Jab’o Starks, the drummer who provided the steady beat for James Brown’s iconic mid-’60s band and who stayed with the King of Soul through the early ’70s, died at the age of 79 Tuesday morning at his home in Mobile, Ala. According to his manager, Kathie Williams, Starks was diagnosed with myelodysplastic syndromes, a bone marrow disorder, in January 2017, which developed into acute leukemia one week ago, after which he entered hospice care.
Starks, whose given name was John and whose nickname is sometimes spelled “Jabo,” joined James Brown’s band in 1965. He became the group’s fifth drummer just months before Clyde Stubblefield became its sixth. in August of that year. Starks and Stubblefield’s rhythmic partnership became the foundation of a lifelong friendship — “brothers,” as Starks told an interviewer in 2013. Stubblefield died in February 2017. The pair played together for decades, most recently as Funkmasters.
Starks was raised in Mobile, where he taught himself the drums. “I used to go to the ‘holiness’ church when I was up in the country with my grandmother,” Starks observed in the James Brown biography The One, by RJ Smith. “I went almost every Sunday because I loved to hear the rhythms they were using. That’s basically where a lot of it comes from for me. That sanctified rhythm influenced my playing.”
Starks was mentored on the kit by Cornelius “Tenoo” Coleman, who had played with Fats Domino, including drumming on Domino’s indelible hit “Ain’t That a Shame.” After that mentorship, Starks played in Alabama with some of biggest names in blues history, including Howlin’ Wolf, Big Mama Thornton and John Lee Hooker. In the late ’50s, he began backing the R&B/soul singer Bobbie “Blue” Bland. Starks later pointed out how large the shadow of James Brown loomed over artists, which was clear while he was touring with Bland. “If James Brown was in front of you, you could give it up,” he said in a 1995 interview with WGBH. “You weren’t going to draw anybody. If he was coming behind you, you still didn’t draw anybody.”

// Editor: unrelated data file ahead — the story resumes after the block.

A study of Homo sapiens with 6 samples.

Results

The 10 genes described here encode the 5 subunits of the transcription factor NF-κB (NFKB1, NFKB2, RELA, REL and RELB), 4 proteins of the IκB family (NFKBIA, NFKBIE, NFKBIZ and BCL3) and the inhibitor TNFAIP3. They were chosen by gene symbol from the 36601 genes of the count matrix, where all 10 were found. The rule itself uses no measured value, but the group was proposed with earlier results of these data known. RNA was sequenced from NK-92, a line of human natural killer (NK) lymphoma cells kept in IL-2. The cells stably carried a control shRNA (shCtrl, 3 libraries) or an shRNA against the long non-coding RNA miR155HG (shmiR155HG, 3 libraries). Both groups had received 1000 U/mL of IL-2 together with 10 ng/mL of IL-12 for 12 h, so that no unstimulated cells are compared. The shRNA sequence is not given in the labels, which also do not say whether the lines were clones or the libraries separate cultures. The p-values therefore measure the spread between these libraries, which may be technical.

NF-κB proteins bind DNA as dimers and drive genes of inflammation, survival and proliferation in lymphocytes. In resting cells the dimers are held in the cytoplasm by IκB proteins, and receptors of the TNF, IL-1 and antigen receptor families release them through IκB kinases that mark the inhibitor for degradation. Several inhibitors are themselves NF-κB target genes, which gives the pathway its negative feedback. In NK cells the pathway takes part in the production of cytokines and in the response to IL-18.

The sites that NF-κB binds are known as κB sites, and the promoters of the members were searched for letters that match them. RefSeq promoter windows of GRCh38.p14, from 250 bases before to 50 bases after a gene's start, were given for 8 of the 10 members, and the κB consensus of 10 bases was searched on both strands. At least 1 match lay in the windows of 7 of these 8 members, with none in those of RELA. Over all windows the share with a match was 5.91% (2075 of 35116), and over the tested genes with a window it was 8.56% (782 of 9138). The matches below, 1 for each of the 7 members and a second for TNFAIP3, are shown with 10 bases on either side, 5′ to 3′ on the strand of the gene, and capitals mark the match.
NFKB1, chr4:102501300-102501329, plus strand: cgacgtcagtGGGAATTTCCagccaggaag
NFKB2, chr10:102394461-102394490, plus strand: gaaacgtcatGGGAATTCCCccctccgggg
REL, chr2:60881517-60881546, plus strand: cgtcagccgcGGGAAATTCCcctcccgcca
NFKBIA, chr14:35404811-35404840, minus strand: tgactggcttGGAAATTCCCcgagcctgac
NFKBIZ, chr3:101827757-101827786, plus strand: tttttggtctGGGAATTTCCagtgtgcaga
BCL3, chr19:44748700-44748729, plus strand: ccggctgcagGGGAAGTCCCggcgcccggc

Upon joining Brown’s band, Starks found a mentor again. This time it was Clayton Fillyau, a former drummer for Brown who was driving the tour bus at the time Starks joined. At bar sessions, Fillyau would show newcomers the ropes by tapping on the bar or their arms.
The reason for the vast number of drummers in the band at the time Starks and Stubblefield joined was leverage, the two told NPR’s Morning Edition in 2015. “The saying was, when Clayton Fillyau was the drummer with James, he had just one drummer, one guitar player, one bass player,” Starks said. “They was about to not play; they were rebelling against James for something … so he had to agree with them. And they said he made a statement after then: ‘I’ll never be caught without two of everything.‘”
After Stubblefield and Starks began playing with Brown, however, the drumming ranks began to dwindle, until there were two.
“We don’t get in each other’s way, we just groove with it,” Starks is quoted as saying in The One. Starks “handled the blues, the standards, the set tunes,” Smith wrote, while Stubblefield would root the set’s longer jams. Despite that assertion, Stubblefield said of his counterpart: “Jabo is a groover.”
That clockwork-steady groove is clear on songs that Starks was central to, like “Get on the Good Foot” and “The Payback,” which both became No. 1 hits for Brown in 1972 and 1974, respectively.
Asked whether Starks performed after his MDS diagnosis forced him to cancel shows early last year, manager Kathie Williams says, “Of course he did.” His final performance was in March at the Red Bar in Grayton Beach, Fla.